In the modern age of music the lines have been blurred between the roles of Artists, Producers and Engineers. It used to be simple…. Artists wrote songs and played their instruments, Producers were musical geniuses who’s mentored artists and ensured their songs became all they could be, and Engineers were the guys with golden ears and the technical know how to translate the producers vision into sonic reality.

The quintessential 60’s Artist / Producer / Engineer example was Lennon / McCartney, George Martin & Geoff Emerick. I think its safe to say that without that extraordinary relationship, The Beatles (maybe even music as we know it) wouldn’t have been the same. Then in the 80’s the wonder that is Thriller was made by Michael Jackson, Quincy Jones & Bruce Swedian. More recently, Dave Grohl, Butch Vig and Alan Moulder made the Foo Fighters “Wasting Light” in more of an old school style. Its a style i love – each party is able to to do what they do best, and bounce off each other to create the best product possible.

Today, although the same principals apply, the landscape has changed a little bit… artists can afford a recording setup, producers actually make the music (Beats in Hip Hop / Dance / Electronic genres for example), and engineers take creative liberties in the studio or during a mix that make a huge contribution to the overall “vibe” of a song or album. But does that mean that every musician with a Pro Tools rig is an Engineer? Does it mean everyone who makes a beat in Fruity Loops, Logic or Ableton Live is a Producer? Does it mean that every Pro Tools Op is also making a musical contribution?

I’m gonna go ahead and say absolutely not! The fact of the matter is that there are so many moving parts involved in making a great recording and you as the Artist need to make a call on just how your going to do it. Which parts of the process will you retain, and which parts will you outsource to someone who does their part better than you could?

Regardless of how you choose to approach your recording, there are some important things you should consider to help you make up your mind…

  • Will you get the best results by trying to do it all? Would you be better off concentrating on what you’re good at and outsourcing the rest?
  • Do you know what you want? Can you articulate your vision to your producer?
    • What style is the music?
    • What are the ideas for instrumentation?
    • Who are your influences?
    • Do you have reference tracks to to give your producer an example of what you like?
  • Who is going to be the Producer? – is there a “band leader” that will fulfil this role or do you want your Engineer to do it?
    • Who makes the call about the style / vibe for the recording?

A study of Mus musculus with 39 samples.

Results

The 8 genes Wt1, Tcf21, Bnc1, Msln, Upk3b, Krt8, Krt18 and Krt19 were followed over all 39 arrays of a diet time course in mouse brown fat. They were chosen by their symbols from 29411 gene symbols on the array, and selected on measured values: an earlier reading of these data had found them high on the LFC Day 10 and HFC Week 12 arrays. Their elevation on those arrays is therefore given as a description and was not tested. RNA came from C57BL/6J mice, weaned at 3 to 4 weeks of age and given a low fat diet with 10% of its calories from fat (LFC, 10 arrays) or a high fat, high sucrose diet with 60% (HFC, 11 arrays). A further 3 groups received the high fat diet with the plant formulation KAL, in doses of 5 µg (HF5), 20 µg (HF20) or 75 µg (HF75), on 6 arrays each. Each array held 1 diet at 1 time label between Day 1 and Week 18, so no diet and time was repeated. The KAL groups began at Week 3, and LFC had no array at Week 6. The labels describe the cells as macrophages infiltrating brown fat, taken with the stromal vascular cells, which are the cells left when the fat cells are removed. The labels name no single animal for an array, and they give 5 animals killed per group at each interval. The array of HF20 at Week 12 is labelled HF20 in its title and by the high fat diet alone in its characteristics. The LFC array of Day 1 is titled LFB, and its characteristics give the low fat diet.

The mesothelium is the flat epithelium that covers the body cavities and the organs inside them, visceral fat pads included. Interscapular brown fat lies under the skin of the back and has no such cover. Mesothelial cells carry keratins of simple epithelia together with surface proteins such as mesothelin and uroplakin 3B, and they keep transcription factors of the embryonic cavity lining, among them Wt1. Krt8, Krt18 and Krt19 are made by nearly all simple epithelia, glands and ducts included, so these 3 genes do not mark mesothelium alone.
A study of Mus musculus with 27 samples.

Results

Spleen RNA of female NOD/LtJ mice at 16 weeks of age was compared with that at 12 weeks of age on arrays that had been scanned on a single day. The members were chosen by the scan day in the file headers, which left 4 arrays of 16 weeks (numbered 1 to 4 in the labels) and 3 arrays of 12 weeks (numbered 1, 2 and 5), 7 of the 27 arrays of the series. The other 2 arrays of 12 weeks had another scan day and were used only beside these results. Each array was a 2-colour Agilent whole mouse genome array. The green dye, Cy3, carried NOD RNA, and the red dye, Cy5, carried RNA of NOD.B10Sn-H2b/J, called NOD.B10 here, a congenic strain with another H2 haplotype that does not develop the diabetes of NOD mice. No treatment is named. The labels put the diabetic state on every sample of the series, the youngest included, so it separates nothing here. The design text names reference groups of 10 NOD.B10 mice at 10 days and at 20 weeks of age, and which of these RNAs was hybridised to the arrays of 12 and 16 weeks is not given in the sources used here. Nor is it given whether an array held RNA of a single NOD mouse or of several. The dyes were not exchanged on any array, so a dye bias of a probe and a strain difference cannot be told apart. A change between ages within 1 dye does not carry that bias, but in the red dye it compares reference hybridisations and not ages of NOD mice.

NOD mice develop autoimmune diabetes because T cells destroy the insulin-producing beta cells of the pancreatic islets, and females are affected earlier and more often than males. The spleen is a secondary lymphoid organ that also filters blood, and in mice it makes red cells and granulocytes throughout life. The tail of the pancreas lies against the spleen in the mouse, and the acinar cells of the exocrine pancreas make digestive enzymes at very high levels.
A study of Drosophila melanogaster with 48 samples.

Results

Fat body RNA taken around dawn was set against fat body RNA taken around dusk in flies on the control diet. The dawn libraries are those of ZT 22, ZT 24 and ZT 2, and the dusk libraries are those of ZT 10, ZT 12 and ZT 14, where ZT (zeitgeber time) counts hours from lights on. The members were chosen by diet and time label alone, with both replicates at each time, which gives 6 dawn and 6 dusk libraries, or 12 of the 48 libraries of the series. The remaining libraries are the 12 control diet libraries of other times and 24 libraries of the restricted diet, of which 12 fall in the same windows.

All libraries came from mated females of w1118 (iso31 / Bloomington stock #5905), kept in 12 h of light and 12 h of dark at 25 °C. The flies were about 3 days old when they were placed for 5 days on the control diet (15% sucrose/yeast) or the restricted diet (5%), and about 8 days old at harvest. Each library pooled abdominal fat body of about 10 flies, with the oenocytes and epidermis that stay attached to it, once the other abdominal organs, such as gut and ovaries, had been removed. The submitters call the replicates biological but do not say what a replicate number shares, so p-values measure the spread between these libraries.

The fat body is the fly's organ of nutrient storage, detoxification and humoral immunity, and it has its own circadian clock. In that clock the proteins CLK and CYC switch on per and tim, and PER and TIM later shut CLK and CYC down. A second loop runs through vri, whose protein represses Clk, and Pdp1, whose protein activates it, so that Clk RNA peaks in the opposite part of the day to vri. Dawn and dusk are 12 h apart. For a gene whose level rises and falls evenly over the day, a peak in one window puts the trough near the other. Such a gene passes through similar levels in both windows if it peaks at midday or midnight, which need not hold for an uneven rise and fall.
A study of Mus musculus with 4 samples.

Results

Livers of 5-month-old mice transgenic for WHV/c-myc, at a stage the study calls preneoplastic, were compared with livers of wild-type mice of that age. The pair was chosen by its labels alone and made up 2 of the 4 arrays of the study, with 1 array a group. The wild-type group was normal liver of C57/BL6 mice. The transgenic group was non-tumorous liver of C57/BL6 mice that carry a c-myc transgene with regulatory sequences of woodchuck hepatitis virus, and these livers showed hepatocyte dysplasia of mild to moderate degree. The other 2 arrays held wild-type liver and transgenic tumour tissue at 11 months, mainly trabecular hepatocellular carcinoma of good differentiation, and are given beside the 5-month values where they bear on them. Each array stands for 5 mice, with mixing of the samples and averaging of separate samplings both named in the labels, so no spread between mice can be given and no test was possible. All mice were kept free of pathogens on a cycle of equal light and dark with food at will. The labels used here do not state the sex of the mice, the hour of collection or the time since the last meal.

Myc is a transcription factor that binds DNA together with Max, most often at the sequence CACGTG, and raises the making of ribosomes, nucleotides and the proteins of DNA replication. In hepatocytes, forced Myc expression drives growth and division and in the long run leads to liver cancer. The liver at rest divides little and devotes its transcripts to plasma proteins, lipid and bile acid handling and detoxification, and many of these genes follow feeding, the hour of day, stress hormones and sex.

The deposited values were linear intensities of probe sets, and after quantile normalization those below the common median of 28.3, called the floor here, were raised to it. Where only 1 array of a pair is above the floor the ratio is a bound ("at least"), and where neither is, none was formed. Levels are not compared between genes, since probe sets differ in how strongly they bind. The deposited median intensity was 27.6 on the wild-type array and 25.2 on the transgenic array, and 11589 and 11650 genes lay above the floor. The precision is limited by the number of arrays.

• Who says whether a take is good enough or whether it gets scrapped and done again?
    • Who decides if more parts are needed (or if parts need to be removed)
    • Who makes sure the session stays on track and that you reach your outcomes for the session?
  • Does your producer and / or engineer “get you” – have they asked you about your project so that they understand what you want to achieve and can deliver your vision?
  • Does your recording need to be tracked live as a band to achieve your creative goal? Multi-tracked and overdubbed? Heavily produced? Raw and underproduced?
  • Who makes the decisions about tone? (if you let your engineer at it without reference to your vision – you might get the wrong vibe)
    • Is the drum sound right for the genre? Is the snare tuned right? Is the kick too flabby? Too punchy? Lacking oomph?
    • Do the guitars need more overdrive? less effects? double tracking?

For an interesting take on seeking out the right people for the job, have a read Sound on Sounds article on the making of the Foo Fighters “Wasting Light” – http://www.soundonsound.com/sos/jun11/articles/foo-fighters.htm. Dave Grohl knew exactly what he wanted, and who he needed to make it happen, and the end result was awesome. I especially love the part where Alan Moulder decides that the best thing to in service of the record is to forego an expensive studio and mix the record back in Dave Grohl’s untreated garage!

Before you head into the studio for your next recording, have a think about what you want to achieve and who you need to help you get there. Even if your unsure, ask questions of your studio / engineer / producer… ask lots of questions. You’ll quickly work out if they get you or not. Every project is unique and needs a unique approach so don’t sign up for a cookie cutter solution. The Off Axis Sound way is to find the right approach for you, your song, and your vision, so if you’re thinking about hitting the studio soon get in touch for a chat and see if we can design the right approach for you.

See you in the studio soon.

Saul.


  1. Clara Kingson Says :
    Posted on 10 November, 2015 at 7:07 am

    This has made my day. I wish all postings were this good.